DEQ reports on Utah environment; Protesters decry dirty energy, dirty air; Colorado River vs. climate change; Lawsuit challenges bad BLM plans; Mayor Becker calls for Wasatch protection; Another reason to walk in the woods.
by Amy Brunvand
DEQ Reports on Utah environment
The Utah Division of Environmental Quality has released its annual report. Among interesting items:
• Utah urban areas are still unable to meet federal air quality standards;
• The Deseret Chemical Depot in Tooele County finished its mission to destroy 42% of the nation’s chemical weapons stockpile and is expected to close by 2015;
• A low-level radioactive waste facility has opened in Texas which may take some of the pressure off of Utah to accept “hotter” waste;
• Mercury contamination in Utah fish is still a big problem.
Protesters decry dirty energy, dirty air
At the 2013 Governor’s Energy Development Summit, Representatives Rob Bishop and Chris Stewart and Senator Mike Lee slammed the National Environmental Policy Act (NEPA), essentially because it stops energy developers from being able to do whatever they like on public lands (never mind environmental or public health consequences).
Without those pesky regulations, Bishop said, Utah could be just like North Dakota (though I wonder how many Utahns are pining to live in North Dakota?). Meanwhile, about 200 protesters gathered outside the Salt Palace in bitter cold and smog to hear speakers describe a sustainable energy future. The protesters waved signs demanding accountability for the side effects of fossil fuels.
Inside the conference, activists from Utah Tar Sands Resistance tried to make their point by passing out bottled water relabeled to indicate contamination by chemical solvents used in tar sands mining. They briefly siezed the mic to give Utah Governor Gary Herbert a “Polluter of the Year” award (which he did not accept).
The poisonous air along the urban Wasatch Front is so bad that on January 23, Utah Physicians for a Healthy Environment held a press conference at the Utah State Capitol declaring chronic winter air pollution a public health emergency. Simply breathing outside is like smoking a pack of cigarettes. (See more on how to mitigate some of the effects of air pollution in this issue of CATALYST).
Despite the dirty air, the Utah Division of Oil, Gas and Mining has approved a groundwater discharge permit for a 213-acre strip mine at PR Springs on school trust land property (thus avoiding those pesky federal environmental regulations). A report from Western Resource Advocates (WRA) titled “Fossil Foolishness” notes that the mining process will contaminate water and air, waste water from the already overallocated Colorado River basin, exacerbate climate change, and divert attention from opportunities to develop new, renewable energy sources. WRA is planning to challenge the decision in court, and citizen groups like Utah Tar Sands Resistance continue to hope it is still possible to stop tar sands mining before it starts.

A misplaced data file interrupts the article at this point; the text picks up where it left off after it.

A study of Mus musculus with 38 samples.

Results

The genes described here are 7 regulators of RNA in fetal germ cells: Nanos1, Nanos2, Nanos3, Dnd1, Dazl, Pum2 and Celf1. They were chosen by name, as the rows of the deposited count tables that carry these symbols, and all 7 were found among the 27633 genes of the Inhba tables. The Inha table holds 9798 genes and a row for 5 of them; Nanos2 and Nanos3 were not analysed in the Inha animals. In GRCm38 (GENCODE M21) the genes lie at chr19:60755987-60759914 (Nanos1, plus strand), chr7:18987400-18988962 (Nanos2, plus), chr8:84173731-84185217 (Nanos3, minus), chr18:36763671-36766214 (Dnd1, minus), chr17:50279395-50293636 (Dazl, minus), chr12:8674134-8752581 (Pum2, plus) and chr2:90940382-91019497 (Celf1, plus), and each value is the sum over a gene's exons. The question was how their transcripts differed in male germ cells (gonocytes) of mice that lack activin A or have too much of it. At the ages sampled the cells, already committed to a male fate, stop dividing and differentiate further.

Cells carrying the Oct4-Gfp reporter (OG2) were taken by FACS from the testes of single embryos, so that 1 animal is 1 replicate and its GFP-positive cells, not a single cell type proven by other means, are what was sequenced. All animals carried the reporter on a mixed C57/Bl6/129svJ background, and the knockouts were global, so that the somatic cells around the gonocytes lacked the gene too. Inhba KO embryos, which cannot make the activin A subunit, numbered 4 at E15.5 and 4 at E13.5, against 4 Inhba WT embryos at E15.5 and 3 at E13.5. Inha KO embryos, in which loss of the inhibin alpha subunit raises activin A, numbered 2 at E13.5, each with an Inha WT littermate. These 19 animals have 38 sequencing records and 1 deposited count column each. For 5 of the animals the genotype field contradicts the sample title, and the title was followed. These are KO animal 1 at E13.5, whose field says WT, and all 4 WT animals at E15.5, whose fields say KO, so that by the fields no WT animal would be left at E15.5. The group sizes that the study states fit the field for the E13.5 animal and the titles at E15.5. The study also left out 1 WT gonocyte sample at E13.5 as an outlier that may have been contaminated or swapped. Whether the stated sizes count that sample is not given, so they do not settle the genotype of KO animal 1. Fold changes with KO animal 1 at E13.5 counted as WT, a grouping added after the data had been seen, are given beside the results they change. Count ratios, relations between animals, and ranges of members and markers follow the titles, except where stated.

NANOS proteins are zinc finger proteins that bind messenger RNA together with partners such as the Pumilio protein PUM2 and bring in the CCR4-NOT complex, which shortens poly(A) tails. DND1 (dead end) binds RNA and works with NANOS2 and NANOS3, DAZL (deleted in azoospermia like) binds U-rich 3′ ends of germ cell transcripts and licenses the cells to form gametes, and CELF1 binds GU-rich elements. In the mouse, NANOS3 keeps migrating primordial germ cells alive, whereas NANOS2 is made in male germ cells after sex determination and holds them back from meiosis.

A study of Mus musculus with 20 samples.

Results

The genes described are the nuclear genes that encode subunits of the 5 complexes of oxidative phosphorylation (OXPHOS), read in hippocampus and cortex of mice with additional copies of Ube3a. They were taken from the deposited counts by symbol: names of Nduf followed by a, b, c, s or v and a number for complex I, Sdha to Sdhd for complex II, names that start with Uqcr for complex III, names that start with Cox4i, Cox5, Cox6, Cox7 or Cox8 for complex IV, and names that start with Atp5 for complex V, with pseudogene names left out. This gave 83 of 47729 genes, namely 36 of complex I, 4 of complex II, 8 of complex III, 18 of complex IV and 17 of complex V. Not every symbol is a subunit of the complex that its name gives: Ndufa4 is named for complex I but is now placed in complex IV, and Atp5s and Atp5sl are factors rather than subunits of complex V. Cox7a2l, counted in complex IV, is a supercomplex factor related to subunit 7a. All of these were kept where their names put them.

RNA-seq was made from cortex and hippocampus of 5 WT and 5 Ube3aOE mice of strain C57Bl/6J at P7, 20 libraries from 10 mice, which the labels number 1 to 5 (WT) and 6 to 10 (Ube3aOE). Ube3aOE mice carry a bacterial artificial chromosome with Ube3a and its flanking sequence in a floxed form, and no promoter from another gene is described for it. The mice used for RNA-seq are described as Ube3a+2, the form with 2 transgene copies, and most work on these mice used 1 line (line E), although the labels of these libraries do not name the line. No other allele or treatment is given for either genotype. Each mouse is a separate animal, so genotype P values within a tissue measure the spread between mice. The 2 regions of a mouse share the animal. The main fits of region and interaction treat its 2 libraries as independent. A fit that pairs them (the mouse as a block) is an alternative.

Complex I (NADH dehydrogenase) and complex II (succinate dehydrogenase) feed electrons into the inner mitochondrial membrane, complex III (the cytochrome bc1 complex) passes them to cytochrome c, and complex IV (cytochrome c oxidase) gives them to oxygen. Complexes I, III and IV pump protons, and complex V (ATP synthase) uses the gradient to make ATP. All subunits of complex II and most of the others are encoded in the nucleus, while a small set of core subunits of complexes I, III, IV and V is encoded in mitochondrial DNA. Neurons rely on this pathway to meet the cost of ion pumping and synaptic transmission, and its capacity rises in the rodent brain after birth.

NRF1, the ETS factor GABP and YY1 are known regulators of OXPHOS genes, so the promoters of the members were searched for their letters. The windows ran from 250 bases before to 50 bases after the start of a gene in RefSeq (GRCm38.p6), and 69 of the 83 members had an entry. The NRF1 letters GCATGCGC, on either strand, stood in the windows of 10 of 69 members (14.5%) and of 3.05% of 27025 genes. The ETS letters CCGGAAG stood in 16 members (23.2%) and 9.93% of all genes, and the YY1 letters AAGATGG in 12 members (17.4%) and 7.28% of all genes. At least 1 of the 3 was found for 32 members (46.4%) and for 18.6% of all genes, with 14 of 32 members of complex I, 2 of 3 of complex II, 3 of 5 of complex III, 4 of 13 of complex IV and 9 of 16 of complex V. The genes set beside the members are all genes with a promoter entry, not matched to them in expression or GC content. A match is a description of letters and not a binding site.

Colorado River vs. climate change
Everyone knows that there is not enough water in the Colorado River basins to supply all the water rights granted by the 1922 Colorado River Compact, but nobody knows quite what to do about it. In December 2012, the U.S. Bureau of Reclamation released a landmark study that considers the effects of climate change on water in the West (there is going to be less of it) and evaluates over 150 proposals to cope with the projected supply/demand imbalance. American Rivers calls the study “a critical step toward bringing water management into the 21st century.” There is some danger that politicians will try to meet the challenges with expensive, environmentally harmful proposals for new dams, diversions and reservoirs, but the report also points the way to conservation and efficiency strategies that would be more cost effective and less damaging.
Lawsuit challenges bad BLM plans
Five years later environmentalists are still working to undo the damage from radically pro-development BLM Resource Management Plans that were forced through during the Bush administration. In December a coalition of environmental groups filed a lawsuit challenging the Richfield RMP on the grounds that it violates federal regulations by giving priority to off-road vehicle recreation and energy development at the expense of wildlife, wilderness and cultural resources. The RMP guides management decisions in places such as the Henry Mountains, Dirty Devil River, Robbers Roost, Factory Butte and Muddy Creek in the San Rafael Swell. Conservation groups supporting the lawsuit are Southern Utah Wilderness Alliance, Sierra Club, Grand Canyon Trust, National Parks Conservation Association, Utah Rivers Council, Great Old Broads for Wilderness and Rocky Mountain Wild.
Mayor Becker, man of the Wasatch
In his State of the City speech Salt Lake City Mayor Ralph Becker spoke about the need to sustain clean air, our watershed and the character of our spectacular, natural setting. “It is time to comprehensively address the Wasatch Canyons. Public and private partners must all come together and reason to protect our watershed, establish mountain transportation systems and wilderness areas, and balance uses while protecting natural resources,” Becker said. “Our mountains, the lifeblood of our Valley, face unprecedented demands. Our residents, businesses and governmental entities should forge a consensus that guides us for the next generation.”